Access to affordable cars proved a crucial leg-up for working families, even during the depths of the worst recession in decades, a new study has found.
The survey of 445 recipients of loans offered from 2007 to 2010 by the nation's largest low-income car ownership program, Ways to Work, found that 82% were able to get off welfare and other public aid as a result. That led to an estimated savings to taxpayers of $18.2 million a year, more than double the amount donated to the group.
Participants reported increased incomes, wages, educational levels and access to traditional financial services, such as bank accounts.
The survey — conducted by consulting group ICF International Inc. — was commissioned by the nonprofit Ways to Work, which has 55 offices in 23 states. It offers auto loans, usually at 8% interest, to working families with bad credit scores and low income levels, and gets a substantial majority of its funding from private sources. In 2011, it issued $5.8 million in loans.
Ways to Work and other low-income car ownership programs offer an alternative to used-car dealerships known as Buy Here Pay Here lots that cater to people with credit problems. Those lots, which provide in-house financing, typically charge 18% to 30% interest on their auto loans, and aggressively repossess cars.
Default rates in the Buy Here Pay Here industry hover around 25%; by comparison, fewer than 12% of Ways to Work loans are not repaid.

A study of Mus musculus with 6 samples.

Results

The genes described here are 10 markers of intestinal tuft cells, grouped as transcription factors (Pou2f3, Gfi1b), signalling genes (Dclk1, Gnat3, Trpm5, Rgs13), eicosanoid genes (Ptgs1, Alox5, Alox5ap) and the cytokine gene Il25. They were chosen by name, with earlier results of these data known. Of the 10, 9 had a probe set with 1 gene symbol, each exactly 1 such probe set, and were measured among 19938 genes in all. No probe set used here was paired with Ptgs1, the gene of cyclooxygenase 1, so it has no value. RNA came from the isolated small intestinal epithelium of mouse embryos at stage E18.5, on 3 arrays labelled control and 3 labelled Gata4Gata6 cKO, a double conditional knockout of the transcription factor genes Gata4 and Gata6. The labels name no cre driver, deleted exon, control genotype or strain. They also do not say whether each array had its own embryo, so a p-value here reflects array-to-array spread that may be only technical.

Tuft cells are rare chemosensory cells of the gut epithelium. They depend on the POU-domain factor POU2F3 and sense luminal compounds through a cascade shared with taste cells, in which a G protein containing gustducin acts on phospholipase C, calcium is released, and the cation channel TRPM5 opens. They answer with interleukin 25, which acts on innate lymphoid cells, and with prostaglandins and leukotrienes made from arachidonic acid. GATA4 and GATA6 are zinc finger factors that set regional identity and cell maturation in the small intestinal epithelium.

Owning a car is key to economic mobility in this country, particularly considering the reductions in funding for public transit in recent years. But with very few low-income car ownership programs nationwide — and in some areas including Southern California, none at all — many working families have no option except Buy Here Pay Here dealers.
"This is something that deserves to be in all 50 states because it pays back far more than is put in," said Jeff Faulkner, president of Ways to Work. The study found that taxpayers saved $2.50 for every dollar invested in the program.
Particularly telling, Faulkner said, was the relative strength of the outcomes despite the dire economic state of the country.
A previous survey of Ways to Work participants that focused on loans issued from 2003 to 2005 found that 87% of respondents said they were able to get off public assistance after receiving car loans. Although that's slightly higher than reported in the new survey, it also came at a time when unemployment was far lower and the economy was growing sharply.
In 2010 and 2011, Ways to Work added 26 locations nationwide and this year plans to add 12 more. Most recently, it announced plans to begin offering loans in the Detroit area, and the group is looking to expand into San Diego, Los Angeles and Santa Barbara.
To qualify for a loan, recipients must meet an income test and take a financial literacy course. Any car they buy must pass an independent inspection. To date, Ways to Work has issued 32,000 loans worth $63 million.